Born Clyde Dorsett in Bridgeport, Conn., in 1967, he was raised the typical New England way.
Lots of hard work is the key to survival in the northeast United States and being a cook didn't come into play until the '90s. He went to welding school at an early age but after a couple of near electrocutions and cold morning welding assignments, he knew he was meant for something different in this life.
Now the chef at The Bridges on Bloomindale Ave., perhaps his greatest influence in his cooking career came from a man named Larry Edmonds. Edmonds ran the dog track, also known as the Bridgeport Jai Alai, in Bridgeport and pushed Dorsett to his limits. Chef Edmonds was a gold medalist in the Culinary Olympics once upon a time so he knew his way around a kitchen.
It's true that pressure either makes diamonds or crushes coal, and Chef Dorsett turned out to be a gem among stones. He stopped at this point of the interview and got a great big grin, like he was reminiscing, and looked at me with a twinkle in his eyes. Dorsett went on to tell me that Edmonds had to fire him because he messed up and called in on New Year's Eve. Ah, the mistakes of youth.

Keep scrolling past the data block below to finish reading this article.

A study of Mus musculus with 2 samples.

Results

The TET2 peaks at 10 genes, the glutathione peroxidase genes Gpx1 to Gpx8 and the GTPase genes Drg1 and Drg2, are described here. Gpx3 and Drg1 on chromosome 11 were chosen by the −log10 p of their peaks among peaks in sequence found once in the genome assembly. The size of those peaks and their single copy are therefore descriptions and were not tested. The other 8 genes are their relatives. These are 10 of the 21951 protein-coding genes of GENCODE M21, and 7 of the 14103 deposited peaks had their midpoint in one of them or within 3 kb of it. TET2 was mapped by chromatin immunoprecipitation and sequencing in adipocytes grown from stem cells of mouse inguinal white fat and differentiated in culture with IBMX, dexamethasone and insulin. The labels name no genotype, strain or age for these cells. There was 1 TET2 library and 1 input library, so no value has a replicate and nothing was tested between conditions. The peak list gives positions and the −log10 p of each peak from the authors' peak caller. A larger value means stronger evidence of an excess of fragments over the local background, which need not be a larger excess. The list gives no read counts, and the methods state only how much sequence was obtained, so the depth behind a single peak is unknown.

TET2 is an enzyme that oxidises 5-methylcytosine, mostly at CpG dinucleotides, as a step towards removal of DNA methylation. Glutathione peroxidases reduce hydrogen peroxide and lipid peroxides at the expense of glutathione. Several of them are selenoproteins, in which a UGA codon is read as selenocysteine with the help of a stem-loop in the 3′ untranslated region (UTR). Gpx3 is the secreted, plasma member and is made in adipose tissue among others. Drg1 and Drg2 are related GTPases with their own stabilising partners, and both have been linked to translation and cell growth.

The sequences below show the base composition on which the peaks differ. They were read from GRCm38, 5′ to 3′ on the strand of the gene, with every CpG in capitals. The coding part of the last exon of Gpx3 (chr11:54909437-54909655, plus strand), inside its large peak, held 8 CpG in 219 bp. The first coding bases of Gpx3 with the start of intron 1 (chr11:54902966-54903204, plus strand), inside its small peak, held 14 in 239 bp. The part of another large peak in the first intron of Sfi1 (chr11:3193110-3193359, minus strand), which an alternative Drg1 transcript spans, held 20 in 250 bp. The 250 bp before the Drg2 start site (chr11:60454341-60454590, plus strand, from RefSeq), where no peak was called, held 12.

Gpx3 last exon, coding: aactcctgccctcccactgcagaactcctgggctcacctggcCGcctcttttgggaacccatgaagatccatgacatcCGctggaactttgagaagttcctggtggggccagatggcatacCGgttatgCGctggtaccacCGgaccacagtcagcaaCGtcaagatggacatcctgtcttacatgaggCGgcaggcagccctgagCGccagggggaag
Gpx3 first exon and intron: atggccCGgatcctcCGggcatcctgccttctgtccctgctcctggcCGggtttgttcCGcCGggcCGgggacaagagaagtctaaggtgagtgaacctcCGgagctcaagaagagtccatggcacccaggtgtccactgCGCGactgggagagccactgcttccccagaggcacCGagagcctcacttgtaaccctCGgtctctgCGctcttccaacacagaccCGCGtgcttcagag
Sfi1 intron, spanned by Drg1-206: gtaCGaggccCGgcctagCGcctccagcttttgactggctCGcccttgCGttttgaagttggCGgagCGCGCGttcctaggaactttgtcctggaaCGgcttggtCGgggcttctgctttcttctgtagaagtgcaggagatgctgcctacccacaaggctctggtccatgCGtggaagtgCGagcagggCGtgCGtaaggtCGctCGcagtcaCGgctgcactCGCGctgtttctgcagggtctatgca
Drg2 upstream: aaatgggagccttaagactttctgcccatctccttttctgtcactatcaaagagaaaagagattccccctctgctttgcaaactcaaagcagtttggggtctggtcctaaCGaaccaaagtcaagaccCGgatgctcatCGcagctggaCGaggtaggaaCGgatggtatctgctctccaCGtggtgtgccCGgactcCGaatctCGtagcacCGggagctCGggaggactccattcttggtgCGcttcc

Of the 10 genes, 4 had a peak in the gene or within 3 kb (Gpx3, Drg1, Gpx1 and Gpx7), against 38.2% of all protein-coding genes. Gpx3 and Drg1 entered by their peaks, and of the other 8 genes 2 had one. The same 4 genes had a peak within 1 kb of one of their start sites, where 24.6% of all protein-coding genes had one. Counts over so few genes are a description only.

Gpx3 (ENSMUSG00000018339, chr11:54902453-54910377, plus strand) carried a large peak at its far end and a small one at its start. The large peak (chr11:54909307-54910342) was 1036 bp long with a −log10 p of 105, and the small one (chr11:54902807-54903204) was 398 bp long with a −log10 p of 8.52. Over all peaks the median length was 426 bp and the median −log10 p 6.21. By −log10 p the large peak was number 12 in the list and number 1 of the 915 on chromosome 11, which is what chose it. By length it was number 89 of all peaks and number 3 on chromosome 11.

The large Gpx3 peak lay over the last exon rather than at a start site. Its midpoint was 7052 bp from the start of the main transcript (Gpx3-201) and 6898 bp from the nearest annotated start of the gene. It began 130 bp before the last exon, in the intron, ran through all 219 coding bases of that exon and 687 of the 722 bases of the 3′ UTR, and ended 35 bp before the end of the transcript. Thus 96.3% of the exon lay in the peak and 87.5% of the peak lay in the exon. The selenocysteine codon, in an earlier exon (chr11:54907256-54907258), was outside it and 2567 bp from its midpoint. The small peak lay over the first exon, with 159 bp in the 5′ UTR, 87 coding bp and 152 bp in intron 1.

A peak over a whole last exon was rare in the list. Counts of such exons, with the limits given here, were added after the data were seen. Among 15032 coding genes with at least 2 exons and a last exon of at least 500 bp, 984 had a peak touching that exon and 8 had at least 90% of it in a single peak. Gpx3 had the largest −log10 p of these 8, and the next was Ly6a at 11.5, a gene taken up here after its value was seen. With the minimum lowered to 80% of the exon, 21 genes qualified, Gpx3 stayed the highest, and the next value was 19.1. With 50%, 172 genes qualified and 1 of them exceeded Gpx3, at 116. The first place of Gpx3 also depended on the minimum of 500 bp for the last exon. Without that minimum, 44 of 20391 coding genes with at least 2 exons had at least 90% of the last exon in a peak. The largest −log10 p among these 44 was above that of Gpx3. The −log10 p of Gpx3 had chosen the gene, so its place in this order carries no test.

He went on to The Centro Italian Restaurant in Fairfield, Conn., where he spent the next eight years working for Suzanne Wazaluski, and when she went to the Jersey Shore, he followed. He worked at a place called 8th & Central in Barnegit Light, N.J.
Of course, with all the media hype nowadays, we refer to it as The Jersey Shore and he lasted a few years until he somehow wound up in Texas and then at Malio's Prime Steakhouse in Tampa. He lasted a few years until he found his way to The Lucky Dill in St Petersburg and Buckhorn Springs Golf & Country Club in Valrico. From 2001 until 2009, he worked at both places at the same time---no small feat.
In October 2009, Dorsett wound up at The Bridges on Bloomingdale Avenue in Riverview and has flourished ever since. His favorite cooking style is French Thai fusion and he likes his steak medium rare, none of which he gets to practice enough in this typ of environment, but he's happy with the people he works with and for in this community. He supervises 17 employees and runs the entire dietary department at The Bridges and genuinely seems to be a happy man.
Author's note: Chefs don't always work in restaurants. Some do catering or banquets and some even do in-house menus.